Assistant store managers have settled an overtime suit against Rite-Aid for $20.9 million. The assistant store managers and co-managers claimed that the company had wrongly classified them as exempt when they, in fact, did not have or exercise actual managerial or supervisory authority. The settlement is subject to federal court approval and will affect employees in about 31 states.
Source: Scranton Times-Tribune
The misclassification of employees as exempt from overtime is one of the most common violations of both the federal Fair Labor Standards Act and Kentucky state overtime pay laws. For the manager or supervisor exemption to apply the employee must have and exercise true management authority and discretion.
The Rite-Aid suit is similar to a number of other misclassification overtime suits involving retail store managers that have been discussed previously: Shift Supervisors File Class Action Suit for Unpaid Overtime; AT&T Managers' Class Action for Unpaid Overtime Moves Forward; Store Managers at Harbor Freight Sue for Unpaid Overtime; and Store Managers at Radio Shack Sue for Unpaid Overtime.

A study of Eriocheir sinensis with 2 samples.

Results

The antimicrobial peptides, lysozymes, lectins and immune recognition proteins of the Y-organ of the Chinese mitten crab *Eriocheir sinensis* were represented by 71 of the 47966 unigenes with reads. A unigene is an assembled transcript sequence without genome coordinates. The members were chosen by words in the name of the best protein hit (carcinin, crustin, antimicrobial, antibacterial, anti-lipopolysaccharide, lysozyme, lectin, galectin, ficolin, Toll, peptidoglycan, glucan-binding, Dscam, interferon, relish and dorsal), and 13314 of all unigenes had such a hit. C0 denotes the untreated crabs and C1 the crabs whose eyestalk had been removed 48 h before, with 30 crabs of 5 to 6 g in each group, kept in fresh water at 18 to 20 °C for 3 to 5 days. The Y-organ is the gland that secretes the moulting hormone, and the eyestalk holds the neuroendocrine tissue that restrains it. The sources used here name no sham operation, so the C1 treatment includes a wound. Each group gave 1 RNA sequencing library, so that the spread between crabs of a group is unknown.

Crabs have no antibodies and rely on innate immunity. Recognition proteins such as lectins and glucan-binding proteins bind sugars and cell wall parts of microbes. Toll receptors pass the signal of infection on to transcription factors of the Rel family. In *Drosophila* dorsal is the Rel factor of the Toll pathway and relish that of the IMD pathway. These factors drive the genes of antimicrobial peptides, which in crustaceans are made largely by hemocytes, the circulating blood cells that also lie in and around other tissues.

This case and the ones mentioned in the articles illustrate two key points: (1) an employee's job title does not determine whether or not they have to be paid overtime; and, (2) it is the true, actual duties of an employee that determine whether or not they must be paid overtime. Here, the Rite-Aid assistant managers did not do enough (or any) managerial work to separate themselves from the hourly employees they were supposed to be supervising or managing.
Lexington, Kentucky overtime lawyer Robert Abell represents individuals and employees seeking to recover the overtime and wages they've earned but not been paid.